Sam Shead | Nov. 13, 2013
An academic study out today suggests that businesses create jobs and grow faster as a result of broadband improvements. However, the findings suggest that access to high speed internet connections may simply be the price of staying in business, rather than delivering a fundamental transformation of a local economy.

Andy Phippen, a professor of social responsibility in IT at Plymouth University, said that the quicker network speeds had fundamentally changed businesses in Cornwall, allowing them to work remotely and internationally. He also said that businesses had become greener as they had cut back on travel, despite not setting out to reduce their carbon footprint.

Liv Garfield, the chief executive of BT's Openreach infrastructure division, said that 20 million premises in the UK would have access to fibre broadband by next summer and claimed that the nation has already leapfrogged the likes of France, Italy and Spain.

Neeilie Kroes, vice president of the European Commission, which provided much of the funding for the £139 million Cornwall project, said: "This research has real international significance because it starts to vindicate what we've said all along - that fibre broadband will energise our economy, generate jobs and save public money."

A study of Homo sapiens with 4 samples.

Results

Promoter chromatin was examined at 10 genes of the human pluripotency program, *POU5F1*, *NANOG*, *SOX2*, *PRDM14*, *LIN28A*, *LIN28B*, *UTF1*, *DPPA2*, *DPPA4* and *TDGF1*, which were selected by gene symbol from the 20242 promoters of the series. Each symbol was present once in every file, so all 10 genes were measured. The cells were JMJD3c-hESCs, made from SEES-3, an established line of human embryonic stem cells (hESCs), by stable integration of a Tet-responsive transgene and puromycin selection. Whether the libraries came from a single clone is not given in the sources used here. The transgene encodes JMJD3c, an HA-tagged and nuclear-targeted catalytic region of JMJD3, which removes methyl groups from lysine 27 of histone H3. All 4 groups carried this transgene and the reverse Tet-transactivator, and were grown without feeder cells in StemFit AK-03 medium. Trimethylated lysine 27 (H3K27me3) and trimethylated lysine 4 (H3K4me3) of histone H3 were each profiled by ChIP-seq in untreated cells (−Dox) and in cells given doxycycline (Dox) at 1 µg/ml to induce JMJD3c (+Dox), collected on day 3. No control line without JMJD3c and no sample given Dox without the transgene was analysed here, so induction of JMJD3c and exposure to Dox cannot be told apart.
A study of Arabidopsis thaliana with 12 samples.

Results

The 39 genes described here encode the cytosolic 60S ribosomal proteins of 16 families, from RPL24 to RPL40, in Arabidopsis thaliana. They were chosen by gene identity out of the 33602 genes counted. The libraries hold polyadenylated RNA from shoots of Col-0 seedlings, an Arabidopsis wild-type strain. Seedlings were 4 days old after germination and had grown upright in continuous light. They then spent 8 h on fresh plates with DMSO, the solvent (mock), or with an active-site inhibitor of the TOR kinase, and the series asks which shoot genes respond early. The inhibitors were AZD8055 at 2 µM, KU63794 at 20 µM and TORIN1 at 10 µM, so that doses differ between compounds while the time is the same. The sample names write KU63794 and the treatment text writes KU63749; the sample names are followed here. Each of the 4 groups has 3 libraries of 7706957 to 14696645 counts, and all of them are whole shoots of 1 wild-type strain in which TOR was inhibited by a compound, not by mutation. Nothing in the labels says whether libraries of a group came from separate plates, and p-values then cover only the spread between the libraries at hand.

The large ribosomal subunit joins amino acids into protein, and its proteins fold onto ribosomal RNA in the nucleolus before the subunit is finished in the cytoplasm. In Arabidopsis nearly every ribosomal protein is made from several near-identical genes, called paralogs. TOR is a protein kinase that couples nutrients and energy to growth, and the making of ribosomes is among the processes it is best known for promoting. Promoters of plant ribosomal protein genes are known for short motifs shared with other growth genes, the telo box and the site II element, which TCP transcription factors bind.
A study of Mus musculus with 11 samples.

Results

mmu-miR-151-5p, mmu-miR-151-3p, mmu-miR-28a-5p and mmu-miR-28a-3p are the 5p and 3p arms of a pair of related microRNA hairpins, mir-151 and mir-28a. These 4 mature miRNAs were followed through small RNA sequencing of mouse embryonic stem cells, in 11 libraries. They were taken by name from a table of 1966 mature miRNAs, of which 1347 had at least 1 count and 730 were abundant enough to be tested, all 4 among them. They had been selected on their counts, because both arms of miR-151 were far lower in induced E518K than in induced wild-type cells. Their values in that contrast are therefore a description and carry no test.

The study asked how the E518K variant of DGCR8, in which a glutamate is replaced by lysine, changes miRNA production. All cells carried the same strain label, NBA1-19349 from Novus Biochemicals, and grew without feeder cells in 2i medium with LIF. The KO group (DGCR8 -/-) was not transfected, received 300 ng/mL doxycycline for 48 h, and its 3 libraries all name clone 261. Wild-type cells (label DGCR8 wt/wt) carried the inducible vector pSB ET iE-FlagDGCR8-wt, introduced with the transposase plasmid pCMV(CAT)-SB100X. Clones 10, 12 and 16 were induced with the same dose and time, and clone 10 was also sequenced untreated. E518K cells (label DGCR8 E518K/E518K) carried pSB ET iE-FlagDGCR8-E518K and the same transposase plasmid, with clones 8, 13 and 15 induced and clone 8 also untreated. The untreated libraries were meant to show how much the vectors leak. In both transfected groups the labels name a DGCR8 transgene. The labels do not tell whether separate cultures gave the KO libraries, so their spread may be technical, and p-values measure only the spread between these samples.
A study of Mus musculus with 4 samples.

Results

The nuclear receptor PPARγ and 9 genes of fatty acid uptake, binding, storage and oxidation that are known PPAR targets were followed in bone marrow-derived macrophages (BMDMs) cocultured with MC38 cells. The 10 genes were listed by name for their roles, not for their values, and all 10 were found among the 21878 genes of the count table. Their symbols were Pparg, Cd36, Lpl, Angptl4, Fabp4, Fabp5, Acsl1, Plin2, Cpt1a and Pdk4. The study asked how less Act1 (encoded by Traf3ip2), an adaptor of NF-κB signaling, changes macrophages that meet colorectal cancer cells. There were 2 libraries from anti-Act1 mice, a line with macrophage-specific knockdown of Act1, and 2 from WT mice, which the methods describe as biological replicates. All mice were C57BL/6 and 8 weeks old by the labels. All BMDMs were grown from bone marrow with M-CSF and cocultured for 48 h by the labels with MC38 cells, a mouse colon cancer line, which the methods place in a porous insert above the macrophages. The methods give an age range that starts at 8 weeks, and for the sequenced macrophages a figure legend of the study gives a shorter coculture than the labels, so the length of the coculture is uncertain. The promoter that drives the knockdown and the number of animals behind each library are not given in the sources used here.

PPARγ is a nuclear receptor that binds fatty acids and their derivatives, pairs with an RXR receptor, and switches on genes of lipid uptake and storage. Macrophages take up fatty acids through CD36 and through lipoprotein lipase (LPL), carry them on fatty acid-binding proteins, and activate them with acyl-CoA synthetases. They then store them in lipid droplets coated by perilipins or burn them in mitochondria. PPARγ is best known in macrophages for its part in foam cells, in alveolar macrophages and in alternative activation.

The number of UK households with access to super-fast broadband is now 73 percent, according to figures from regulator Ofcom.

The UK broadband market is dominated by BT (which includes Plusnet) with 6.79 million subscribers by July 2013, up from 6.28 million in March 2012. Sky, too, is on the rise with 4.91 million subscribers, up from 3.86 million in the same period, pushing Virgin Media into third place with 4.47 million subscribers. The losers have been TalkTalk and EE/Orange, both static on 4.07 million and 700,000, respectively.